When you're shopping for a used car in New Jersey, you should thoroughly research your purchase before making a final decision. This includes everything from determining the market value of a particular model and assessing the total cost of ownership to test driving and inspecting the vehicle itself.
Many drivers may not be aware of the importance of inspecting the vehicle, but doing so can help them spot and avoid a "lemon." Lemons are cars that have sustained significant damages or undergone repairs that drastically reduce their value, but many private sellers and some used car dealers may try to pull the wool over consumers' eyes to make money off their cars. Not all dealers are out to deceive car shoppers. New Jersey State Auto Auction, for instance, guarantees the quality of their vehicles, which are all CARFAX certified, so drivers know they're getting behind the wheel of reliable vehicles.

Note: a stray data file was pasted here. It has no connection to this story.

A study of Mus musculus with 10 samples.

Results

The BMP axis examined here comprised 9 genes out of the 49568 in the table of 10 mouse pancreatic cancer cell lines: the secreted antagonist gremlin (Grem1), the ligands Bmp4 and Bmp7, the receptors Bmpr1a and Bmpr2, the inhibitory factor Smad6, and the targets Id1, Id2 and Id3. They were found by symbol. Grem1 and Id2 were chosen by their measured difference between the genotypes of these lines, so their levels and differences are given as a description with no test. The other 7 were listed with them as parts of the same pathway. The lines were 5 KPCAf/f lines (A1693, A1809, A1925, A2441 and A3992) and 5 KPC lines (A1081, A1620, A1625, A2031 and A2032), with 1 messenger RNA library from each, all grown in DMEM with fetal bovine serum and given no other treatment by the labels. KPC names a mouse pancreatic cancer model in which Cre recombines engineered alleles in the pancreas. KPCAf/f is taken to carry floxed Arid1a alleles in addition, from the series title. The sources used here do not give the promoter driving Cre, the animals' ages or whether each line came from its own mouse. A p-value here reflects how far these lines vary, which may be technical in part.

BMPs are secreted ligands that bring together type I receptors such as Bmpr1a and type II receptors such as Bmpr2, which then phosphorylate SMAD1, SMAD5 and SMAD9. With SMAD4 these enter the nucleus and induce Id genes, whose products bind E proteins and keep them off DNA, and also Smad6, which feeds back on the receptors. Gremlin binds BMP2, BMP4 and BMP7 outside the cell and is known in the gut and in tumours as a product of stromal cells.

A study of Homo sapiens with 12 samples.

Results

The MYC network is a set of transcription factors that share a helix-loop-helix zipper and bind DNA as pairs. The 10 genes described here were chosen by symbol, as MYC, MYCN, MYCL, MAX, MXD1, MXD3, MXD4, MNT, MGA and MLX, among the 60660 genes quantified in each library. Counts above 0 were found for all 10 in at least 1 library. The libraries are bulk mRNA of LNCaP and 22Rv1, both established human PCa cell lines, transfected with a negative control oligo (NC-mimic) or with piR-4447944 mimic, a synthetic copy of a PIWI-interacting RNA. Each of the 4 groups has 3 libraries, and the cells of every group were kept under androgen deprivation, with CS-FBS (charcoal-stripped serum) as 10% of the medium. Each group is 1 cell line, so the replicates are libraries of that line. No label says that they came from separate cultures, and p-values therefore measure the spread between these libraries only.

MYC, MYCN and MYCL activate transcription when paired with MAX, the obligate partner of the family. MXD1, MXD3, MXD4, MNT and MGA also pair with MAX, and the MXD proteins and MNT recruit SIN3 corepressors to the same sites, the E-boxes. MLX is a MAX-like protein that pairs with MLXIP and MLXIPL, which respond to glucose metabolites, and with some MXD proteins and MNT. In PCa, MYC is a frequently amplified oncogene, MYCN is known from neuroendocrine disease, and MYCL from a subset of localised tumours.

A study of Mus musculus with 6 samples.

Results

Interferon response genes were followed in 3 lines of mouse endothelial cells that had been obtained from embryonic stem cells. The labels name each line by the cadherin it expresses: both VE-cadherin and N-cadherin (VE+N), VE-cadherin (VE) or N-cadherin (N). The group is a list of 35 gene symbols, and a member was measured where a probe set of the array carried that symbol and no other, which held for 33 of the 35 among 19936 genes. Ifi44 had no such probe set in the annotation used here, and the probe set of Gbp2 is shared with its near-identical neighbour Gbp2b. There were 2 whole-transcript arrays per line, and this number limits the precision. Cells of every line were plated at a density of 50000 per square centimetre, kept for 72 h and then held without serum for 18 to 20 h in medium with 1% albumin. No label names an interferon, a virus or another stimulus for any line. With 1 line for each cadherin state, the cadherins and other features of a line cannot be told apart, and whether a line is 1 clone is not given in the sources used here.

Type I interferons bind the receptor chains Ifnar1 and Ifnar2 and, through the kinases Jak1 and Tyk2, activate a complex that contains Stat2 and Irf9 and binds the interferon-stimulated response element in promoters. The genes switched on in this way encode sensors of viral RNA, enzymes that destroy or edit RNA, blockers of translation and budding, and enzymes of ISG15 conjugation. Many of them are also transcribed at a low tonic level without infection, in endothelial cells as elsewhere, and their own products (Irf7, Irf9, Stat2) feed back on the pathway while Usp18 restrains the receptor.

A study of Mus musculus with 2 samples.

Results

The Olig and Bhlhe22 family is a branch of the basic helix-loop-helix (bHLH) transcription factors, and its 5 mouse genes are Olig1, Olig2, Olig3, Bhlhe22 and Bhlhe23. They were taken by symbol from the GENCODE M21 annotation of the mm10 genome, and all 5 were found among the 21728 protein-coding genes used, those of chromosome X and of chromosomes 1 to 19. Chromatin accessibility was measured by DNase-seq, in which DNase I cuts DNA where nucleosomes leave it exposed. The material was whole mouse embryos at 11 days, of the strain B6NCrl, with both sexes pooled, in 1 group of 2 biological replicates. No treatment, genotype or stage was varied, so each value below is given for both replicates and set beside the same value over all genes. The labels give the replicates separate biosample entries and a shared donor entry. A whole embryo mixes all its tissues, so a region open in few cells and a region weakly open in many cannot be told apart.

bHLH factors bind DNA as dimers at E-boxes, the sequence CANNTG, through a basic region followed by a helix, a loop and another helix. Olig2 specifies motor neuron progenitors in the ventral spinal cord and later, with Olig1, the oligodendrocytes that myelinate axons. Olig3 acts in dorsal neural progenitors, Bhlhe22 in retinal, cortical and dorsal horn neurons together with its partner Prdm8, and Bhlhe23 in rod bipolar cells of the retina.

However, it is always a safe bet to give a car a once over, just in case something is wrong that may have gone unnoticed. The Wall Street Journal recommends looking for mismatched paint and checking for uniformity along any seams in the car's body. This can indicate major repair work was done. You should also check for signs of flood damage inside the engine. Look for water lines under the hood that could hint the vehicle has been exposed to water damage. This can not only impact the value of the car, but has likely caused a significant amount of damage and rust.
The best way to ensure a vehicle is in the condition the seller claims is to have a trusted independent mechanic inspect the car before you make a purchase. This typically costs between $75 and $150, according to the news source.